The social media landscape continues to evolve at a rapid pace, but then, you already know that. Like us, you live and breathe it daily.
You’ve watched the surge in video marketing and probably even felt the tug to get involved. It’s hard not to jump onboard when when it seems to be growing at lightning speed.
Heck, in 2015 alone, Twitter launched video autoplay, Blab rose to social stardom and Periscope grew to 1.85 million daily active viewers. Those are some ‘drop-the-mic’ statistics.
But while it was a year full of change (and then some), one thing remained the same. Marketers who didn’t respond to changing trends limped along.
While there are Do’s and Dont’s on Social Media you should be aware of-
- DO understand that social media is a tool and that there’s no point in buying a hammer if you don’t have any wood to nail. Have a clear understanding of what you are using your online presence for. Are you aiming to be solely outward facing, only sharing new updates/content (in which case, is a social media presence really what you want?), or are you looking to engage your fans in an onmi-directional dialogue and get them talking with you and amongst each other?
- DO share the progression of your social media strategy with your team. Use what the audience are saying to feedback to your team drive your future communications
- DO it whole-heartedly but know your resource restrictions. Will you need a full time member of staff working on the page? If you are looking to mobilize your fanbase, then a dedicated team member would be recommended, not solely to police what is being said on the page, but to engage the audience, keep conversation flowing and to maintain a semblance of organisational openess in which the fan feels they have a communicative dialog with the organisation they have are fans of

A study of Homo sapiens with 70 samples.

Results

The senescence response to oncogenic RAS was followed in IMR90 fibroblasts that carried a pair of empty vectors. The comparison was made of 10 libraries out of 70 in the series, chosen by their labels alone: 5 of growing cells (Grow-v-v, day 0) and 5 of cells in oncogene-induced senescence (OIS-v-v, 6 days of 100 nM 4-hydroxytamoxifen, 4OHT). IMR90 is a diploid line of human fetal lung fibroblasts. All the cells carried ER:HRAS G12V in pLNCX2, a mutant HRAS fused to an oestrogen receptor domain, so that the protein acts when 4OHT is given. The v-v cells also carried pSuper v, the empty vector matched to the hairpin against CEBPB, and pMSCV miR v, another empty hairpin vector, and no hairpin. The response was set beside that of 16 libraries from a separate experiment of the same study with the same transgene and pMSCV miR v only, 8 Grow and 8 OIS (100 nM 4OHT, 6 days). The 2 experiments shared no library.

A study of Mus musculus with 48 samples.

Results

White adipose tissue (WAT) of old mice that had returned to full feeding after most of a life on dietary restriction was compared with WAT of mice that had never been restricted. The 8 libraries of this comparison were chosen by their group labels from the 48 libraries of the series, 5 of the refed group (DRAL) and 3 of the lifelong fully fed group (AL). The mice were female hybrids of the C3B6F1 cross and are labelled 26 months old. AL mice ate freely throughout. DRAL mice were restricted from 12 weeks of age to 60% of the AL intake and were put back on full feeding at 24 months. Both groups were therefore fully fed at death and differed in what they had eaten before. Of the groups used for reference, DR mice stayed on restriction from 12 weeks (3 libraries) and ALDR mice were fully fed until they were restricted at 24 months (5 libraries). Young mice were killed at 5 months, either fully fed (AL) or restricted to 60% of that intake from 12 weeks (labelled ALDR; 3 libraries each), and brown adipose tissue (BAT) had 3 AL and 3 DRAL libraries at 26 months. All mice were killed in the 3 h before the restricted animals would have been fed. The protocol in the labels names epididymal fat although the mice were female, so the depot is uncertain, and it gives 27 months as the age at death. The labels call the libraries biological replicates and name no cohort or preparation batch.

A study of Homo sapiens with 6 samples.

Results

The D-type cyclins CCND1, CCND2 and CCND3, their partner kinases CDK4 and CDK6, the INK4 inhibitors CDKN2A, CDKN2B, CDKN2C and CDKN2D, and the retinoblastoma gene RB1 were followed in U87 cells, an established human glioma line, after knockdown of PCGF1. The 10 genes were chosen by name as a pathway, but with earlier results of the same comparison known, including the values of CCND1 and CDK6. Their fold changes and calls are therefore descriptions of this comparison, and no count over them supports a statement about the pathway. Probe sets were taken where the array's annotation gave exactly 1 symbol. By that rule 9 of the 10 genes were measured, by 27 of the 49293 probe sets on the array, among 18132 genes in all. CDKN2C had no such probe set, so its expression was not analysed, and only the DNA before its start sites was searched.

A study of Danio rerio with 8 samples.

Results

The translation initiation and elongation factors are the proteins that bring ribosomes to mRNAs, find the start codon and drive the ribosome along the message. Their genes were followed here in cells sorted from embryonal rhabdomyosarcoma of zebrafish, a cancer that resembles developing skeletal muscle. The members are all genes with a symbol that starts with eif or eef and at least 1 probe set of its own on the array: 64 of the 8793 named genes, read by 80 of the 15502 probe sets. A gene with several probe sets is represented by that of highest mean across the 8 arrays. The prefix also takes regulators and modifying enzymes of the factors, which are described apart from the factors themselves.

- DO your homework! Know what is popular within the realm of social media, most importantly, know why it’s important and assess how it have help you achieve your top-line strategic goals
- DO stay active. The audience need to see regular activity on the page or else they will lose interest, so the amount of staff time really depends on what your strategic aims are. You may also want to get more than one person feeding into the page – so also bear in mind that it might not be one full-time person that you need, but a team bringing content together and communicating with the audience
- DON’T run away from a fight! If a member of your social network says something negative, address them rather than censor them. In extreme cases, this might not be possible, but for the most part, your transparancy will show a sincere concern for your audiences opinions and in turn may endear more members to your cause
- DON’T give up without cleaning up after yourself. An underused and neglected social media space can be detrimental to your brand image. Get rid of any profiles that are no longer active.
- DON’T think social media is a fad. The ‘wow’ factor may be gone, but that’s only because this means of communication is becoming a standard. Get involved now, so that when the standard evolves, you’re not technological milestones behind.
- DON’T isolate yourself. The person at the party who brings wine and conversationally works the room is more likely to be part of the eventual drunken conga than the wallflower who no-one knew was even there. Corny metaphor, I know, but the point is to talk to other organisations online and share your experiences and resources (if available). With social media, the more you put in, the more you get out.
- DON’T forget that the audience drives the success of your social media strategy. Understanding what it it your audience likes/dislikes about your online presence is key to building a service around them.